TAY CHEE TOH (Malaysian, B. 1941)
TAY CHEE TOH (Malaysian, B. 1941)

Girl in Hammock

TAY CHEE TOH (Malaysian, B. 1941)
Girl in Hammock
signed in Chinese and dated '70' (lower left)
oil on canvas
67 x 102 cm. (26 3/8 x 40 1/8 in.)
Painted in 1970
Private Collection, Singapore
Christie’s Hong Kong, Chinese Artists in Southeast Asia, Hong Kong, 2014 (illustrated, pp. 92-93).
Hong Kong, Christie’s Hong Kong, Chinese Artists in Southeast Asia, 12-30 April 2014.



With its pastel pink, deep red, and beige hues, Girl in Hammock transforms a traditional figurative subject through the distinctive modern style of Tay Chee Toh. Born in Johor, Malaysia, Tay Chee Toh's move to Singapore in 1958 to pursue formal arts education at the Nanyang Academy of Fine Arts placed the artist in the midst of a bourgeoning local arts scene, led by the pioneering artists who had arrived in Singapore in the late 40s and early 50s. Taught most notably by artists Cheong Soo Pieng and Georgette Chen, Tay began the development of his own distinctive style of artistic expression which ranged from the depiction of rural village life in Southeast Asia, to modernist experiments in abstraction, as well as sculpting.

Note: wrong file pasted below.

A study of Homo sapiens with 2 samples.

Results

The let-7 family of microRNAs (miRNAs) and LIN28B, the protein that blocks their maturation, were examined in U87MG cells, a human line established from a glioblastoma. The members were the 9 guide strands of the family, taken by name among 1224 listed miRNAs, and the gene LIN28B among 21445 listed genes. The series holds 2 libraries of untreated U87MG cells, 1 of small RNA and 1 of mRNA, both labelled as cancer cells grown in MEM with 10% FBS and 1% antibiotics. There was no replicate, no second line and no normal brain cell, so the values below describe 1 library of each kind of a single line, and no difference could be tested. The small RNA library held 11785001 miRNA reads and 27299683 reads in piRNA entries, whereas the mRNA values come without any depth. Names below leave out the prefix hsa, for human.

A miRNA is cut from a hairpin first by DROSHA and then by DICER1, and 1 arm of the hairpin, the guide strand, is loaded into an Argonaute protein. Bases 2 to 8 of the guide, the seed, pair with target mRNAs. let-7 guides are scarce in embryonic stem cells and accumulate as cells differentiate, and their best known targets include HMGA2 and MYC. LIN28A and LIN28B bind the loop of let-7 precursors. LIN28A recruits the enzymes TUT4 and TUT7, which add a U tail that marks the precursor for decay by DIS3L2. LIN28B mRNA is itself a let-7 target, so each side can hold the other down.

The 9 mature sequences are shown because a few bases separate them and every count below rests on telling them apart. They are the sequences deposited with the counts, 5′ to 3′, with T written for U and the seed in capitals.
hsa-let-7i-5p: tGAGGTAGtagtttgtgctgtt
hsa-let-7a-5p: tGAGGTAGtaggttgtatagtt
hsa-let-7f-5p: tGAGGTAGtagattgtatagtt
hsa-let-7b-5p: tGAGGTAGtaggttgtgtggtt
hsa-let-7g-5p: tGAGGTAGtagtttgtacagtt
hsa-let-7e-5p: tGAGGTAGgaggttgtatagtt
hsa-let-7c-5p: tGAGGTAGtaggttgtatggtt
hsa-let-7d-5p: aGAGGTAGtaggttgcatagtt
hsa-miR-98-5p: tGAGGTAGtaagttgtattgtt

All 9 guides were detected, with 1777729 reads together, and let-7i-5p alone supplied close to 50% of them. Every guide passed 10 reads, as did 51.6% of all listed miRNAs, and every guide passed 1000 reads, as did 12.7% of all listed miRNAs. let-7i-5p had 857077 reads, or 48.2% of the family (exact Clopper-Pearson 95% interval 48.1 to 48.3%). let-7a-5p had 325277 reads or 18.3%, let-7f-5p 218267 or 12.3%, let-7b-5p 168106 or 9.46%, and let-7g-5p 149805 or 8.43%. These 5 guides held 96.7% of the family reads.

The dayak motif in the centre of the painting takes on a highly stylized form under Tay’s brush, and the swirling lines and interlocking circles that are depicted here would later be transformed into paintings of geometric abstraction and mobile structures akin to Alexander Calder. The girl lies serenely in her hammock, the elegant posture of her arms and hands serving to further emphasize Tay’s love for clean lines and a simplicity of form. A hoop hangs exaggeratedly from her right ear, a direct reference to the enlarged ear piercing of the Dayaks of Borneo. Much more so than his teacher Cheong Soo Pieng, Tay’s renderings of indigenous figures retained key physical features of their cultural heritage, while the development of Cheong’s female figure-type of the late 1970s and early 1980s saw to homogenize and uplift an ideal type.

Most unique in this painting is the application of paint and pattern to the woman’s skirt. Fine vertical marks across the paint reveal an intricate pattern beneath, and this work is an early anticipation of Tay’s later experimentation into materials and textures. Just as the woman balances with poised ease in the hammock, the painting itself is also a work in balance and harmony as smooth lines delineate clear blocks of colour. Later, along with his contemporaries such as Anthony Poon, Tay would expand his craft into even more modernist forms of artistic expression.